Israel, alarmed by President Reagan's praise for Saudi Arabia's eight-point Middle East peace plan, has warned that a U.S. move toward embracing even parts of the plan could halt the negotiations on self-rule for the Palestinian inhabitants of Israeli-occupied territories.

Sources said yesterday that the warning, which was couched in diplomatic language, was given to Secretary of State Alexander M. Haig Jr. by Israeli Ambassador Ephraim Evron in a meeting late Friday.

The sources say Evron told Haig that Prime Minister Menachem Begin's government, still deeply concerned by the Senate's refusal last Wednesday to block Reagan's $8.5 billion Saudi aircraft deal, was further upset when Reagan and Haig spoke warmly Thursday about the plan proposed in August by Saudi Crown Prince Fahd.

In a brief exchange with reporters, Reagan, referring to one point in the Fahd plan, said "the most significant part is the fact that they recognized Israel as a nation to be negotiated with." Later that day, Haig said, "There are aspects in the eight-point proposal made by Crown Prince Fahd by which we are encouraged."

The sources said Evron reiterated to Haig that Israel rejects the plan in its entirety. He added that praise for it by the highest-ranking U.S. officials, coming on the heels of the Saudi arms controversy, was likely to increase suspicion within Israel about whether the United States is tilting further toward the Arab side in the Arab-Israeli conflict.

If this suspicion is not put to rest, Evron reportedly said, Begin might find himself under heavy domestic pressure to pull away from the Palestinian autonomy negotiations being conducted with Egypt under U.S. auspices.

That would be a major setback for the administration, which is anxious for progress on the autonomy issue both to further the Middle East peace process and to bolster Egyptian President Hosni Mubarak's efforts to consolidate his control in the wake of Anwar Sadat's assassination.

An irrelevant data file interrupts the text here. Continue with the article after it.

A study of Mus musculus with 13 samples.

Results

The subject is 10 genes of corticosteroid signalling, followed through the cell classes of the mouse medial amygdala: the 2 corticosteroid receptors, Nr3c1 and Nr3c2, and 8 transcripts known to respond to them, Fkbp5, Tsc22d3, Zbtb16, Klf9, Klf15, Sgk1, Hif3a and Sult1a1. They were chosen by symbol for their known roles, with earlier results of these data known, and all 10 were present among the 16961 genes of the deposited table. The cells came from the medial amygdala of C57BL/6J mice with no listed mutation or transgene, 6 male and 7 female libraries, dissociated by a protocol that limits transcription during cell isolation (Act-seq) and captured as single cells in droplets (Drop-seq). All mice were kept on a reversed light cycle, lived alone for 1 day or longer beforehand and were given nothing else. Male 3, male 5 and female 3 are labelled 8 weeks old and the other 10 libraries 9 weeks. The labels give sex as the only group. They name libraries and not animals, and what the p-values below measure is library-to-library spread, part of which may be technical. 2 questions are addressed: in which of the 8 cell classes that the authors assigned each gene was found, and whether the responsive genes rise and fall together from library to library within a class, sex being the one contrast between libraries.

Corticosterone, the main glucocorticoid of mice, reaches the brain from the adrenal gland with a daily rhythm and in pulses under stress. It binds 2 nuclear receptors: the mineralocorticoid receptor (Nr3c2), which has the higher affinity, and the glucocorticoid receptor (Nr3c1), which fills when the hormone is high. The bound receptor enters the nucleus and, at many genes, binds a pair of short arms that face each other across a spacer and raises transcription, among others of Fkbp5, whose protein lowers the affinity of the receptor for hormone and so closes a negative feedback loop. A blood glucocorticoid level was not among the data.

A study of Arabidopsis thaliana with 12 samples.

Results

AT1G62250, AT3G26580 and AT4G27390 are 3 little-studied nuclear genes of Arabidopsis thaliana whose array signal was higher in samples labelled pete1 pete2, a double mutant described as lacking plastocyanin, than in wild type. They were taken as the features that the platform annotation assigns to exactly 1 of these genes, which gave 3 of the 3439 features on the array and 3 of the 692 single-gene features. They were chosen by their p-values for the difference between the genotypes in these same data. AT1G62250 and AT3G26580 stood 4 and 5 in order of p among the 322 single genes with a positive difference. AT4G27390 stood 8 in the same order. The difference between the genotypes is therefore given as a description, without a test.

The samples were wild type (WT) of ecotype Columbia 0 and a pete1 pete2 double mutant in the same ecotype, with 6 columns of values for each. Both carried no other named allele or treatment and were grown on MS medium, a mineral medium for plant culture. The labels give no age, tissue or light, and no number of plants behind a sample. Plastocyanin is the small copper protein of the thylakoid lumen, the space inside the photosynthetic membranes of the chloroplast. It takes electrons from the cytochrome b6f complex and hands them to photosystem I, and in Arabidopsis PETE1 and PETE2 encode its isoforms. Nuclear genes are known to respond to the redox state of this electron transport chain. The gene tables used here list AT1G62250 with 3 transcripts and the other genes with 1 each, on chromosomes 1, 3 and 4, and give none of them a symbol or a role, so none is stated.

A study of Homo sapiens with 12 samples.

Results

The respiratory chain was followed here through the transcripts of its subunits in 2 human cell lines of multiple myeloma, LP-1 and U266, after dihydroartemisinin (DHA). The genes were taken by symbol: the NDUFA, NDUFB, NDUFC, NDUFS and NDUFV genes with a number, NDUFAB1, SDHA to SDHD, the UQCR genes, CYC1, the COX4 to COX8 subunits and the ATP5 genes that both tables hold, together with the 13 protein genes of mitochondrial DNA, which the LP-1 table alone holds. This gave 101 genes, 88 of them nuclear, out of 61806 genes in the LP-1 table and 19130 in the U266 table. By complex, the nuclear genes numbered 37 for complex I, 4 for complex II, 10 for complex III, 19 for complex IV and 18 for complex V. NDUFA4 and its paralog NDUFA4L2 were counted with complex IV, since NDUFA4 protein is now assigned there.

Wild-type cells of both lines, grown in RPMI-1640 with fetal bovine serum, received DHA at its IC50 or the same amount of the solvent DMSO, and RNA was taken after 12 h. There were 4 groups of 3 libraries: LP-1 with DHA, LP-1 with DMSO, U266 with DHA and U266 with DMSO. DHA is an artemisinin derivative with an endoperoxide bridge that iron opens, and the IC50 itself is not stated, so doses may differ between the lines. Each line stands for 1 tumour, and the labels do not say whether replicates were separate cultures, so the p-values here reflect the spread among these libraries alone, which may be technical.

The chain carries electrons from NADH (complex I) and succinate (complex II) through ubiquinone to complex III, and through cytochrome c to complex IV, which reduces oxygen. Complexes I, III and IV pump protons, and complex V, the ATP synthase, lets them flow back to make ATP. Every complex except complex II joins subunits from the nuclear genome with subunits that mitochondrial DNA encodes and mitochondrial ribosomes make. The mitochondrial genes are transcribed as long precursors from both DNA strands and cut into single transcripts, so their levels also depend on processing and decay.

The sources said Haig agreed that the picture presented in the media of U.S. attitudes toward the Saudi plan could have damaging consequences for the autonomy talks. However, the sources said, Evron, who returned to Israel yesterday for consultations, was given no sign that the administration intends to recant.

The State Department, apparently out of awareness that the situation has caused a new problem for U.S. efforts to reassure the Israelis in the wake of the Senate vote, did try to clarify its position on the Saudi plan even before Haig and Evron met.

In a statement earlier Friday by spokesman Alan Romberg, the department said that "while we welcome certain elements" in Fahd's proposals, "there are other elements with which we have problems."

Fahd's eight points, as published in Arabic in Saudi publications, call for Israeli withdrawal from all Arab territories, including Jerusalem occupied in 1967; removal of Israeli settlements from these territories; freedom of worship for all religions in Jerusalem; recognition of the right of the Palestinians to return to their homeland in what is now Israel; establishment of a transition period, under U.N. mandate, in the West Bank and Gaza Strip; establishment of a Palestinian state with East Jerusalem as its capital; affirmation of the right of all countries to live in peace, and a guarantee of these principles by the United Nations or some of its members.

The last point is what drew Reagan's praise. However, translations from the Arabic have left unclear whether Fahd meant the "people" or the "states" of the region, a distinction that makes a big difference as to whether Saudi Arabia is disposed to accept the legitimacy of Israel.

As Reagan's statement made clear, the administration has chosen to interpret it as a conditional offer by the Saudis eventually to recognize Israel. Romberg described the plan as reaffirming support for U.N. Security Council resolution 242, which calls for recognition of the right of all Middle East states to live in peace.But the Saudis have never explicitly accepted 242.

The upshot is to leave in confusion whether the praise by Reagan and Haig foreshadows an intention to try and merge elements of the Saudi plan into the Camp David process or whether they were trying to bolster administration arguments that the Saudis are moving toward a moderate stance in the Arab-Israeli conflict.